How to Budget Your Own Salary Follow this guide to calculate how much to pay yourself.

You're the business owner and you set the budget, so the size of your paycheck is entirely up to you. But while the freedom of setting your own salary sounds great in theory, in practice most business owners find it a tough call. Should you pay yourself what you need to cover expenses? What your business can afford? The salary you left behind to launch your business?

Your best bet is to factor in all three, and more. For your business to succeed you might consider taking a temporary drop in income. On the other hand, paying yourself far less than you're worth, or nothing at all, paints an unrealistic picture of the viability of your business for you or potential investors.

Here are the factors to consider before determining exactly how much to pay yourself.

Calculate What You Need

Your salary will depend on your living expenses, financial situation and comfort level with drawing on personal savings. First, put together a comprehensive list of your expenses [see worksheet below]. Be sure to include all annual, quarterly and monthly expenses. These include everything you'll spend money on, such as your rent or mortgage, car payments, car insurance, credit cards with outstanding balances, gym membership and grocery bills. Underestimating personal expenses is one of the biggest mistakes a new business owner can make. If you slip into the red, chances are your business will, too.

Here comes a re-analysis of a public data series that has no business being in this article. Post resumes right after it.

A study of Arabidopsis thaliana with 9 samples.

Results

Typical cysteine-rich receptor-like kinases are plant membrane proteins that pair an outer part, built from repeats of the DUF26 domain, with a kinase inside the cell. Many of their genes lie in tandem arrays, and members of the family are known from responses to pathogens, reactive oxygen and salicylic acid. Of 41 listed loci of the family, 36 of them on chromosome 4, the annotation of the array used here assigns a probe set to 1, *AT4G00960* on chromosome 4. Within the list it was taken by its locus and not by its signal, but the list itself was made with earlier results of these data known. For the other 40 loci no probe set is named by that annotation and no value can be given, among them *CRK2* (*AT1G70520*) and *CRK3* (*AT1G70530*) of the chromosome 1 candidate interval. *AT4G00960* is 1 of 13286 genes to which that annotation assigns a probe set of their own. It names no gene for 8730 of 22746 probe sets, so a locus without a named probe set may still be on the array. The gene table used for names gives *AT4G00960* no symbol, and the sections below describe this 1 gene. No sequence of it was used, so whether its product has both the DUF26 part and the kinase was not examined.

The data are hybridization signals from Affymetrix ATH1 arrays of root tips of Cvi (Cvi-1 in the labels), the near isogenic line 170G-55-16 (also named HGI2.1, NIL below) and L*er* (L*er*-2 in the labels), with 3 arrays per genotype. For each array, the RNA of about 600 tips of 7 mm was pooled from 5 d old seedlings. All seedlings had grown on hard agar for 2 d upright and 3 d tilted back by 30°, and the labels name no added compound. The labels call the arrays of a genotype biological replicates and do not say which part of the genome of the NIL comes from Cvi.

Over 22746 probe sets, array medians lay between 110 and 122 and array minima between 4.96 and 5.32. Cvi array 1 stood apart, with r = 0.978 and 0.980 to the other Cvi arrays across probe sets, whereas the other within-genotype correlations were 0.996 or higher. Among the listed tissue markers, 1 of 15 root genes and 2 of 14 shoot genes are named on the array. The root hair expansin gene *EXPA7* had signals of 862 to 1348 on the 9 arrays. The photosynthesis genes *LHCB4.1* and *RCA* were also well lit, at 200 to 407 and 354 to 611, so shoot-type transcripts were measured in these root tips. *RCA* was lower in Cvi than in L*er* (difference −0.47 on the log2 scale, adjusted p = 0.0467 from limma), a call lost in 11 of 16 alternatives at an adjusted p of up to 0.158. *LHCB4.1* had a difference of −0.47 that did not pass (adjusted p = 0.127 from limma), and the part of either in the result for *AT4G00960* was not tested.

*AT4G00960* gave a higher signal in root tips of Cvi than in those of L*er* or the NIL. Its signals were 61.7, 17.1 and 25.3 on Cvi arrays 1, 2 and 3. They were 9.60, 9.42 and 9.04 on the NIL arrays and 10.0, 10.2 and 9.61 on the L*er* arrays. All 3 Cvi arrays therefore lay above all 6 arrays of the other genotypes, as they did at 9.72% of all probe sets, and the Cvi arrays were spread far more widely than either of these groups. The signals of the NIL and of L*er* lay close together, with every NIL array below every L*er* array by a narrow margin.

Annual Expenses Minimum Salary Range Worksheet
Sr. No. Discription Range
1 Rent/mortgage
2 Health insurance
3 Car payment
4 Other transportation
5 Car insurance
6 Recreation activities (includes gym/club dues/restaurants)
7 Food
8 Utilities
9 Misc. living expenses
10 Credit card payments
11 Child care
12 Entertainment
13 Other expenses
14 Total Annual Expenses
15 Portion of personal savings allocated to startup costs
16 Salary or other ongoing income
  Total 144000

When you've added up your annual personal expenses, divide that number by 12 to come up with the monthly salary you'll need to receive. Next, decide what portion of your savings you'll feel comfortable drawing on during the early stages of your company. These must be separate savings from the funds you'll use to launch your business. If you plan to keep your job, add your annual salary to the personal savings figure. Subtract this number from your total annual personal expenses and divide by 12. This gives you the minimum monthly salary you'll need, even if you choose to supplement your startup salary with personal savings or employment income. Now you have a range that runs from the minimum salary needed to cover all your personal expenses to the bare minimum salary you can afford to take by supplementing your income. This is your minimum salary range.